High Energy Network (HEN)


30 163 By Bikeman 1 week 2 days ago

Kilonova Catcher Project by GRANDMA

Affiliation
American Association of Variable Star Observers (AAVSO)
Bikeman Sat, 02/13/2021 - 22:59

I'd like to promote the Kilonova-Catcher citizen science project here. This seems to be perfect for collaboration with High Energy Network observers of the AAVSO.

 

If you haven't watched it already, the second part of this AAVSO webinar

https://youtu.be/WIDxZDA2ZvY "AAVSO Webinar, with Melanie Crowson and Dr. Sarah Antier"

is a perfect introduction into this subject. The second part where Dr Sarah Antier explains this starts at around 39min  into the webinar.

 

Welcome to the High Energy Network

Affiliation
American Association of Variable Star Observers (AAVSO)
daveh Tue, 02/25/2020 - 17:48

Welcome to the AAVSO International High Energy Network Forum and the High Energy Network Observing Section. The AAVSO International High Energy Network is dedicated to the optical monitoring of high energy astrophysical phenomena in the universe. It is an expansion of the AAVSO International Gamma-Ray Burst Network which had great success in discovering and observing the optical afterglows of gamma-ray bursts (GRBs).

FITS images from a video stream

Affiliation
American Association of Variable Star Observers (AAVSO)
SGEO Mon, 05/16/2022 - 18:58

If I am trying to capture photometry for a SuperNova event, one of my fears would be over exposing the images. That would be sad: to be on target for the event but then capturing nothing of value.

What if the DSLR was put into a video mode? Is there experience with video-to-fits? That way you could stack your fits images to any SNR you would like.

George

 

How to prepare for DSLR observations of the coming SN event

Affiliation
American Association of Variable Star Observers (AAVSO)
SGEO Thu, 05/05/2022 - 14:43

In the presentations about SNEWS they talk about how amateurs can contribute with DSLR observations.

The advantages are:
-  It would be quick to setup
-  It's 3 color photometry automatically

But there are problems:
- the target might be very bright
- what if comp stars are not available?

I'd like to start a discussion about how to be prepared to do DSLR observations of a SN.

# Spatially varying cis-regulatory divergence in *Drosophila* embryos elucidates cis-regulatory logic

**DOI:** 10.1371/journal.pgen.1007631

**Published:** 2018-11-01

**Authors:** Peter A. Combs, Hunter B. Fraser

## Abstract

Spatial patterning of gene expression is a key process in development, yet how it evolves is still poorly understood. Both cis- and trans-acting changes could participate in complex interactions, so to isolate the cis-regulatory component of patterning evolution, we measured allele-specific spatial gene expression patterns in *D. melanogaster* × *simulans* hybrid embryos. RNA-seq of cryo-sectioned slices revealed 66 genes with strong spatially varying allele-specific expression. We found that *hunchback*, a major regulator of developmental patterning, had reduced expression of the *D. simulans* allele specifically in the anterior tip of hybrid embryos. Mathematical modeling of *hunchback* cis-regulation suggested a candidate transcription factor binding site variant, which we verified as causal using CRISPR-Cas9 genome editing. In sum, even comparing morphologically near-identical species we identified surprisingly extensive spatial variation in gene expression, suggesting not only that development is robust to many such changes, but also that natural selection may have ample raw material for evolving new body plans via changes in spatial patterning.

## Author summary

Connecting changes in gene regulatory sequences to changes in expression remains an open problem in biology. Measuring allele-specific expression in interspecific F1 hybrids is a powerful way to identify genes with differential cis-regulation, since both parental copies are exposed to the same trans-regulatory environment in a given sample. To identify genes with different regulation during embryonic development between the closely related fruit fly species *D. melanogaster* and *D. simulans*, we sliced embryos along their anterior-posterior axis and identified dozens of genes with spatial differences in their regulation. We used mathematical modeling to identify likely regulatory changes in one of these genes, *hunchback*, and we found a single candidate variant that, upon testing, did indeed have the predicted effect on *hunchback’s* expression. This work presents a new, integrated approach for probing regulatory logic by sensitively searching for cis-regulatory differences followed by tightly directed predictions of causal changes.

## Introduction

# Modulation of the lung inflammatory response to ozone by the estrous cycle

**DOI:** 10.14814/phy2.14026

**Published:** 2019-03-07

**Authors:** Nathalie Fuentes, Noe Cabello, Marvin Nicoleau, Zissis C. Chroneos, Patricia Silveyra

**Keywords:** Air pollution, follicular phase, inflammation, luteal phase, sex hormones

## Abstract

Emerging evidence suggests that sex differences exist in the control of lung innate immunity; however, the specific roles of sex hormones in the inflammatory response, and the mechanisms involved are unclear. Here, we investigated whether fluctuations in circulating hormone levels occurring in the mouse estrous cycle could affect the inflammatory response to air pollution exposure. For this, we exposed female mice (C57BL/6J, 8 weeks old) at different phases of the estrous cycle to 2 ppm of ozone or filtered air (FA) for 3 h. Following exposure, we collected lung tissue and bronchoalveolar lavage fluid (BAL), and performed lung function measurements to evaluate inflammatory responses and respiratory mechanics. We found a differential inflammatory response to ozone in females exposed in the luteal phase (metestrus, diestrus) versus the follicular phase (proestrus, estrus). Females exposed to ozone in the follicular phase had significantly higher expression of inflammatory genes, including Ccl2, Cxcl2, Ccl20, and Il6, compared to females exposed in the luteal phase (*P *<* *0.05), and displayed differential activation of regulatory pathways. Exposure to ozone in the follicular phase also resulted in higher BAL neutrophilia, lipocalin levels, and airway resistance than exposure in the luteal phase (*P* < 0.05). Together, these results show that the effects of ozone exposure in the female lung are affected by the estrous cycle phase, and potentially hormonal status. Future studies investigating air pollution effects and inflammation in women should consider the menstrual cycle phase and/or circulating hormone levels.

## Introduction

If the event is so bright that it can be done in daylight, how does one calibrate and establish comps?

George

 

This could be interesting: Public Lecture on Neutrino Astronomy, April 5, 2022 at 4:30 PM EDT (UTC-4)

Affiliation
American Association of Variable Star Observers (AAVSO)
Bikeman Thu, 03/24/2022 - 22:02

If you don't already know the Space Telescope Public lecture series, this might be a good reason to explore it:

Topic: Neutrino Astronomy: A New Window into the Extreme Universe

 

Speaker: Marcos Santander, University of Alabama

Date: Tuesday, April 5, 2022 at 4:30 PM EDT (UTC-4)

Livestream: https://youtu.be/CDAolatU2HE

Information: http://www.stsci.edu/public-lectures

 

Cheers

HBE

 

Software Recommendation: ASTRO-Colibri

Affiliation
American Association of Variable Star Observers (AAVSO)
Bikeman Thu, 03/24/2022 - 20:23

Astro-Colibri is an application that alerts astronomers in real-time about astronomical transients like GRBs and supernovae. It is very useful if you wnt to get into the habit of being prepared to observe Gamma-Ray-Outbursts, e.g. as targets of opportunity while your observatory is ready doing other tasks.

 

Astro-Colibri can be used as a web-application, or, perhaps more useful when you want to be alerted in real-time, as a smart phone app for iOS and Android devices.

Interested? Check out : https://astro-colibri.herokuapp.com/

SWIFT still not fully "repaired", good time to discover GRB afterglows from Earth

Affiliation
American Association of Variable Star Observers (AAVSO)
Bikeman Sat, 02/26/2022 - 23:56

After suffering the loss of a reaction wheel, the SWIFT satellite was abe to partially resume it's science mission on Feb 17th, but it seems it is still not fully capable to swiftly (forgive me the pun) slew automatically to observe optical Gamma Ray Burst *afterglows*, this leaves an interesting opportunity for us terrestrial observers.